A Reference Resource
Anthony J. Celebrezze (1962–1963): Secretary of Health, Education, and Welfare
Anthony Joseph Celebrezze was born on September 4, 1910, in Anzi, Italy. His family moved to the United States when he was two and he grew up in Cleveland, Ohio. He attended John Carroll University. In order to finish paying tuition toward his law degree at Ohio Northern Law School, he did manual labor for the New York Central Railroad.
Celebrezze first entered politics in 1950 when he joined the Ohio State Senate. While serving in that body, he became a close ally of Governor Frank J. Lausche. In 1953, Celebrezze won the Democratic mayoral primary for Cleveland in an upset and went on to win the general election in November. Celebrezze suffered his only major political defeat in 1958 when he lost the Ohio gubernatorial primary. He was a popular mayor, nevertheless, and won reelection five more times.
In 1962, President Kennedy wanted an Italian-American to serve in his cabinet and chose Celebrezze to replace Abraham A. Ribicoff as secretary of health, education, and welfare (HEW). With the help of HEW undersecretary Wilbur J. Cohen and education commissioner Francis Keppel, Celebrezze reorganized what Ribicoff had called an "unmanageable" department.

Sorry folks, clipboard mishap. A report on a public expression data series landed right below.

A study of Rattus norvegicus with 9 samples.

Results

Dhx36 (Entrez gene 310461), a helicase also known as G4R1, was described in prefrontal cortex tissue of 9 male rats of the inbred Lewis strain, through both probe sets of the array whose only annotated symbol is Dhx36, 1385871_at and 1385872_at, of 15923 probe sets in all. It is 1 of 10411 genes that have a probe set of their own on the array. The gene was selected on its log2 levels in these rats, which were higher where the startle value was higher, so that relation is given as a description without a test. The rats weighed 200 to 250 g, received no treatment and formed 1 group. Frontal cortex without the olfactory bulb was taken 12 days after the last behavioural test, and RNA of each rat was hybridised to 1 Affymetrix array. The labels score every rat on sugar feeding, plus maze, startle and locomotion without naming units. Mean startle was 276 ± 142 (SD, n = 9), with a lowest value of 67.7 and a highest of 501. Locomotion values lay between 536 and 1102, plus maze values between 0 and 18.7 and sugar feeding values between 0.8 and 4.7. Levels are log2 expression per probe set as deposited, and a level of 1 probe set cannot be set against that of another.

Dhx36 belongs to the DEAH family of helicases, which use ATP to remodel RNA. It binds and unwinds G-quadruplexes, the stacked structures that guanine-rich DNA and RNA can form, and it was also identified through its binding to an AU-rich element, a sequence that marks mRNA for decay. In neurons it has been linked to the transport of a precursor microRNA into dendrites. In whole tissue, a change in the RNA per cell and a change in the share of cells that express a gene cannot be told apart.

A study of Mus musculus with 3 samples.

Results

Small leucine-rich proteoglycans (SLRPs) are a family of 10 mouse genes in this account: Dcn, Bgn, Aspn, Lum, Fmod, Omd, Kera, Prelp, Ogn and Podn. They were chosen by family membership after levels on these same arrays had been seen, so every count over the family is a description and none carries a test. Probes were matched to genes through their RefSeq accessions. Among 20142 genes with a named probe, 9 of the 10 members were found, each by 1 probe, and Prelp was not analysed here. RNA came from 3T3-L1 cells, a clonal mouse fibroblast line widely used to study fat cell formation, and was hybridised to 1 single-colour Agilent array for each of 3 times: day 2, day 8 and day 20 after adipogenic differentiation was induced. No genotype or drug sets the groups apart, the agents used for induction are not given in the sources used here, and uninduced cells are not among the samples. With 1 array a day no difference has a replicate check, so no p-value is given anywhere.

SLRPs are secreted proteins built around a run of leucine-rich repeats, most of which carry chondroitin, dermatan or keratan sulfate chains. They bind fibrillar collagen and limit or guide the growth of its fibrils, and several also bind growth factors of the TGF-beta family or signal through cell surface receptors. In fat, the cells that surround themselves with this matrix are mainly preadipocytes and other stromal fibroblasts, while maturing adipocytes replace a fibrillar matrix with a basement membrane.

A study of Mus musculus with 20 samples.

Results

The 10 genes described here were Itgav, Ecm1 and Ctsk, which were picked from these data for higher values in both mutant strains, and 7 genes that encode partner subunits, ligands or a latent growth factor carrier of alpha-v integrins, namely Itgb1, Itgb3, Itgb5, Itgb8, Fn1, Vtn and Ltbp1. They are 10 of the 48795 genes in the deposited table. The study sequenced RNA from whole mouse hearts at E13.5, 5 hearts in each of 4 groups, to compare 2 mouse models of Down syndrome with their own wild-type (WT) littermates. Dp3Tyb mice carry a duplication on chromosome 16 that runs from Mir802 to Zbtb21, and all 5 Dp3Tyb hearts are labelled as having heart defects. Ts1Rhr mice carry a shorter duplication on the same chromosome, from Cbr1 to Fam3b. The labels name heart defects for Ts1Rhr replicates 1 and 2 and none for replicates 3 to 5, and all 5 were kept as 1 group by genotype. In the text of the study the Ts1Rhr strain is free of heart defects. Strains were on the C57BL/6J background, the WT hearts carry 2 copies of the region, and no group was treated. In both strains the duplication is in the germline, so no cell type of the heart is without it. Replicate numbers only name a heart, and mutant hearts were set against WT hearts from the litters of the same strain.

One of his most important achievements was moving the public assistance and child health and welfare functions from the Social Security Administration. These programs were then transfered to a new Welfare Administration. Under Celebrezze's watch, HEW was granted power to deny funds for any federal program, to any state, or institutions which practiced racial segregation. Celebrezze continued to serve as head of HEW under President Lyndon B. Johnson until August 1965 when Johnson appointed him to the United States Court of Appeals for the Sixth Circuit. Celebrezze passed away on October 29, 1998.